Experienced moms have a way of making everything seem so easy. Like breastfeeding. Ever see a mother discreetly attach a crying baby to her breast, instantly calming him, while telling the waiter she’d like the Caesar salad with the dressing on the side? When you’re pregnant, these moms might give you hope that you, too, will find nursing a piece of cake. Of course when you are the one with a crying, hungry baby and you can’t figure out how to insert Object A into Object B without it feeling extremely uncomfortable, it can be very discouraging. But fret not. Here are 5 ways to prevent pain during breastfeeding—follow these tips and before long, you’ll be one of those enviably easygoing “experienced moms” yourself!
- It’s all in the latch. If your baby isn’t taking the entire areola into her or his mouth, you very likely will feel serious pain. And if you don’t feel it immediately, you will feel it after repeatedly nursing in this manner, when your nipples become sore and blistered. Promise yourself you won’t leave the hospital without getting a stamp of approval from the nurse or lactation consultant on duty that your baby is latching on correctly. Master the latch, and you’re halfway there!
- Never nurse “naked.” No, I don’t mean you should be wearing a sweater vest when you breastfeed. What I mean is that you should slather a natural, safe nipple protectant on your nipples every time you nurse. A good choice is Earth Mama Angel Baby Natural Nipple Butter, which is a vegan, lanolin-free cream made from organic calendula and shea butter.
- Get into proper position. The stance you nurse in is very important. You don’t want to put your baby in a posture that will force her to pull on your delicate skin to feed. Whether it’s the “football hold,” the “cradle position” or the “side-lying” pose, make sure you’ve got your moves down pat before you leave the hospital…and if you’re not comfortable in the position you’ve been using, get help from the pediatrician’s office, your doula or a lactation consultant.
- Keep the milk flowing freely. Among the more serious causes of pain during breastfeeding are clogged milk ducts and engorgement, which can happen if you skip feedings. With engorgement, your breasts become much larger and very painful due to unexpressed milk. A clogged duct feels like a thick, painful lump in one or both breasts. Both of these conditions make nursing very painful, and can be prevented by nursing frequently from both breasts and/or pumping if you are going to be away from your baby or have missed a feeding for a different reason. If untreated, these conditions can lead to mastitis, a serious breast infection. (Handy tip if you end up with a clogged duct: fill a diaper with hot water and use as a compress on the duct while nursing. You can also massage the “lump” as you nurse to help clear things up.)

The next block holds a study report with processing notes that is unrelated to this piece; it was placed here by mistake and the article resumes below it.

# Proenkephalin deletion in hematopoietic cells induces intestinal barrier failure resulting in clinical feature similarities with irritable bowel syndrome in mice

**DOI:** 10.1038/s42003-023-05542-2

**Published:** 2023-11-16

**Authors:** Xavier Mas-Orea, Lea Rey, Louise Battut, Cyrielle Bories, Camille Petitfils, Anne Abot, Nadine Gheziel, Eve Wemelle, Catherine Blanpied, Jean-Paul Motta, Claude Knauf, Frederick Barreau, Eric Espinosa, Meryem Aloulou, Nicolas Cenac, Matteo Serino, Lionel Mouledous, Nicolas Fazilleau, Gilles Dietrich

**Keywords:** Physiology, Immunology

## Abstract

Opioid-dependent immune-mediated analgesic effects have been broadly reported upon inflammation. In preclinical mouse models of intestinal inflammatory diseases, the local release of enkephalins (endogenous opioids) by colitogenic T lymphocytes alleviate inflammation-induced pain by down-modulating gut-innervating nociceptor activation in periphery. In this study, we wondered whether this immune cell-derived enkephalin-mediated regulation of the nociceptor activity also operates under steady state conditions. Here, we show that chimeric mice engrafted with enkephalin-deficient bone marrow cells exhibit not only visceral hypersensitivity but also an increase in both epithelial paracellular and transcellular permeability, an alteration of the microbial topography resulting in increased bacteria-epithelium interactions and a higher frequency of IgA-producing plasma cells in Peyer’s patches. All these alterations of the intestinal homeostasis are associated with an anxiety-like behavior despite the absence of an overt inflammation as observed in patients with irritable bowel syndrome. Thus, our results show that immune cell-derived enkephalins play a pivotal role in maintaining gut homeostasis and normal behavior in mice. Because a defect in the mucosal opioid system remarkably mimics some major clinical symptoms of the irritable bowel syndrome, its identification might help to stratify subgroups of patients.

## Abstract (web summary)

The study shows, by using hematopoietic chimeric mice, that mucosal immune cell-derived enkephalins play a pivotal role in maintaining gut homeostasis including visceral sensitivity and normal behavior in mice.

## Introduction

- Prevent thrush. Thrush is a yeast infection affecting both the nipples and the baby’s mouth—meaning mother and baby pass it back and forth to each other by the nature of the nursing relationship. This condition is extremely painful for both parties. If you’re on antibiotics and/or have cracked or damaged nipples to begin with (perhaps due to bad latch), you’re more likely to develop thrush. It might not truly be possible to prevent thrush, but here are some ways to decrease the likelihood that it will affect you:
- Wash your bras and other clothing, baby clothing and cloth diapers in hot water and dry on high-heat
- Take an acidophilus supplement or probiotic
- Reduce your intake of yeast and sugar (skip the bread basket!)
- Sterilize all breast part pumps, pacifiers and baby bottles after each use
- Air-dry your breasts after each feeding
If you and your baby end up with thrush, call the doctor immediately. He or she may recommend antifungal cream or the supplement gentian violet.
Don’t let those confident moms casually nursing while eating salads intimidate you. Even if you get off to a rocky start, there’s no reason why you can’t join their ranks in the near-to-distant future! And as hard as it can be in the beginning to find your nursing groove, one day, you’ll look down at the sweet baby curled against your chest, and feel happy and proud that you stuck it out.